St Kilda 'castaway' basketball found by German children in Denmark
A basketball launched into the sea off St Kilda as a joke inspired by Tom Hanks' film Cast Away was found by a group of German children in Denmark.
John Molyneaux was flown on to the remote, uninhabited island archipelago for two weeks' work.
The ball was given to the contractor by his colleagues at Ogilvie Fire Protection in Ayr as a nod to the Oscar-winning 2000 film.
Mr Molyneaux wrote his details on it before kicking it into the ocean.
He nicknamed it "Wilson" after painting a face on it similar to the ball in the movie, which sees Hanks play a character marooned on a remote island after a plane crash.
After cutting his hand and drawing a face in the bloody hand print on the ball, Hanks' character begins talking to it.
Mr Molyneaux's ball, launched into the North Atlantic on 17 March at the end of his time on St Kilda, washed up on a beach near the village of Vigso in the north of Denmark, after travelling approximately 1,000 nautical miles.
It was found on 13 June, by a group of German teenagers from the Internat Schloss Rohlstorf boarding school, who were on a hiking trip.
They took just 51 hours to track down its owners via a social media appeal covered by German television.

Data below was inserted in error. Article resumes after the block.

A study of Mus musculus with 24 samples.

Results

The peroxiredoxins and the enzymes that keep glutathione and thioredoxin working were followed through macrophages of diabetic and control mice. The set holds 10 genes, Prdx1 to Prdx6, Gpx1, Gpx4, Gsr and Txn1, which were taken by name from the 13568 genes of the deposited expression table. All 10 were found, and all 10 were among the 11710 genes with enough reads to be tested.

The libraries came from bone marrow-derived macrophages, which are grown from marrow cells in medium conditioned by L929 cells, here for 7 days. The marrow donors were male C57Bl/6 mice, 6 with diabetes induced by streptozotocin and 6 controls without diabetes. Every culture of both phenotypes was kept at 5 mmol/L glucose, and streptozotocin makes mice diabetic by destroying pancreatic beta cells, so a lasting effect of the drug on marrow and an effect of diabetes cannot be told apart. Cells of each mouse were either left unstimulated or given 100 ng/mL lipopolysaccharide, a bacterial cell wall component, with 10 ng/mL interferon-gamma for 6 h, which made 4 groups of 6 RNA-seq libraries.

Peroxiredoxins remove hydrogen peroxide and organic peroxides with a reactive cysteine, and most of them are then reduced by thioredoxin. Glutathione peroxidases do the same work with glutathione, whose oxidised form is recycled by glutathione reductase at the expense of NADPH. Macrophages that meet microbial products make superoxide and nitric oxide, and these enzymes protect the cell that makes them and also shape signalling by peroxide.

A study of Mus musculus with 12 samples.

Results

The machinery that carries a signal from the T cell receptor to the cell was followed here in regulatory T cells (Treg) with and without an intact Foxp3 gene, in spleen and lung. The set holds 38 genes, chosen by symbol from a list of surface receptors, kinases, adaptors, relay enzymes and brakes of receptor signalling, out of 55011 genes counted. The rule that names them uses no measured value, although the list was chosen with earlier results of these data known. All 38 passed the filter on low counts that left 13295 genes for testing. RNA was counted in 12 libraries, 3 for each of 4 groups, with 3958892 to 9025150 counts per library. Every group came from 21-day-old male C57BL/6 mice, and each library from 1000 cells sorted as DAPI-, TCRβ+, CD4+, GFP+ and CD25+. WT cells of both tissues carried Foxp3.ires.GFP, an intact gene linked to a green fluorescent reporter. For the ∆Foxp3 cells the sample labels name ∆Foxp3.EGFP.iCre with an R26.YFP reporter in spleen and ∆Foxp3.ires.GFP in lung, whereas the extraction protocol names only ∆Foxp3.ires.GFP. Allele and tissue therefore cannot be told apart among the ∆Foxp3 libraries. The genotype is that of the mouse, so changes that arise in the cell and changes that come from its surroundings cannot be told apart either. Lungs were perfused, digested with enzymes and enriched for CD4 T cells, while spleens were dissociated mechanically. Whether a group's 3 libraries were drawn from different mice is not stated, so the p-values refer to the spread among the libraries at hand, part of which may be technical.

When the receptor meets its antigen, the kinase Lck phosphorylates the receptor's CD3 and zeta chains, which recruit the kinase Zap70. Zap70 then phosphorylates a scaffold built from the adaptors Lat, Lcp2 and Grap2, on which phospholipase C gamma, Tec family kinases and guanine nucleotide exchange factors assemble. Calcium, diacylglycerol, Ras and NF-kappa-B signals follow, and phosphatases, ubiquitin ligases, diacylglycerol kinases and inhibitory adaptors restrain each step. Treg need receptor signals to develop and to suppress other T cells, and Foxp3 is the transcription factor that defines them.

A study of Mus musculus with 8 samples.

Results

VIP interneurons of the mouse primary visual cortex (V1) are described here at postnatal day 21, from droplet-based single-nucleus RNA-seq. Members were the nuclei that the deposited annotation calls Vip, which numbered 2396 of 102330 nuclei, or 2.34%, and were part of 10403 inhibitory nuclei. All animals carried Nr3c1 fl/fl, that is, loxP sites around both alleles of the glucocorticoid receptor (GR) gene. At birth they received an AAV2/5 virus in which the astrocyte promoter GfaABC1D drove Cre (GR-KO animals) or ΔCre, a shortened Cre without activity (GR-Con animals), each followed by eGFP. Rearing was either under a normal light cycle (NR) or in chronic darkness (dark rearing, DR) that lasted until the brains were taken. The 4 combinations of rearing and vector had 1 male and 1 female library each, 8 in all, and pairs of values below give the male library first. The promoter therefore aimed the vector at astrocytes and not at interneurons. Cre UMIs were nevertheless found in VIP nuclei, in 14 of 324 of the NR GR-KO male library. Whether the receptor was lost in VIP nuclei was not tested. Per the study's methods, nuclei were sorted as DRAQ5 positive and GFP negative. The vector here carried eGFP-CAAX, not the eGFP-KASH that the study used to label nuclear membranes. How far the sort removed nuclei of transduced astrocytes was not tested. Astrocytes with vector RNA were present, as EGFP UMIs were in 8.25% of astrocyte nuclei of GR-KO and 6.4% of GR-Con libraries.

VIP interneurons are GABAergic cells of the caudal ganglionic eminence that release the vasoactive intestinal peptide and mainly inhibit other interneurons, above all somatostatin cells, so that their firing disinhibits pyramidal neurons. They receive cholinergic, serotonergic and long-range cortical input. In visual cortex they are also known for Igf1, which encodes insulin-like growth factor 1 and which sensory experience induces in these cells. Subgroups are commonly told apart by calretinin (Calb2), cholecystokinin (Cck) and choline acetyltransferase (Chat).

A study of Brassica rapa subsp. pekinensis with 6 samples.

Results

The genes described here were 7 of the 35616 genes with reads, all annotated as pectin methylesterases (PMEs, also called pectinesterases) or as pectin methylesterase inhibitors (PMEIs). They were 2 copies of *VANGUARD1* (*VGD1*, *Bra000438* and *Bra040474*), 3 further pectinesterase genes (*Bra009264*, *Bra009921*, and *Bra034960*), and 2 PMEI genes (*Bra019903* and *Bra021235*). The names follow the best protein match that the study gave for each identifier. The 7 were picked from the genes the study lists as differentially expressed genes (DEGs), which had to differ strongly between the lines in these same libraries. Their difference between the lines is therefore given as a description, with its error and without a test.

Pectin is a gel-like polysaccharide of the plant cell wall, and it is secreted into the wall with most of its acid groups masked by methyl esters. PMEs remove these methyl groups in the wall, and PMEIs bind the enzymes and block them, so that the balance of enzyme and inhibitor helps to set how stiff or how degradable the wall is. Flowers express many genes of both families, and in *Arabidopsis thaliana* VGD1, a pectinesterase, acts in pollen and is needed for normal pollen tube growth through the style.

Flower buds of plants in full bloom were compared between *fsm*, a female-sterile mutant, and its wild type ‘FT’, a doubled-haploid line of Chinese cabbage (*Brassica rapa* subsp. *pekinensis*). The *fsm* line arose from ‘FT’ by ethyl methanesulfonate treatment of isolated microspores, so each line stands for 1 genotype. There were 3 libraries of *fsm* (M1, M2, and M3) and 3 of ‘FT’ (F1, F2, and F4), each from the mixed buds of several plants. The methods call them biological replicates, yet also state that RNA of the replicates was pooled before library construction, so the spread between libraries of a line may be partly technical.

Paul Ogilvie, who gave John Molyneaux the ball, said: "We couldn't believe it when we saw the photographs and video. We knew it was Wilson right away.
"It all started as a bit of fun. When John was going out on the job, we got him the ball and painted the face on it to look like the ball from the film.
"If he was going to be a castaway, we thought it would be a good idea for him to have some company."
Teachers at the German school now plan to use the ball in lessons from maths to geography.
"The kids are so proud of it," said Maike Kramhoft from the school.
"This is an exciting adventure for all of us - the kids and the adults. It was like a message in a bottle - without the bottle."
St Kilda, 40 miles west of the Outer Hebrides, is home to nearly one million seabirds.
It is the UK's only dual Unesco World Heritage Site for both its natural and cultural significance.
It was evacuated on 29 August 1930 after the remaining 36 islanders voted to leave as their way of life was no longer sustainable.
Islanders used to launch their mail into the sea in the hope that it would be picked up by a passing ship.
The tradition continues through National Trust Scotland, which launches a small wooden boat each year to see where it turns up.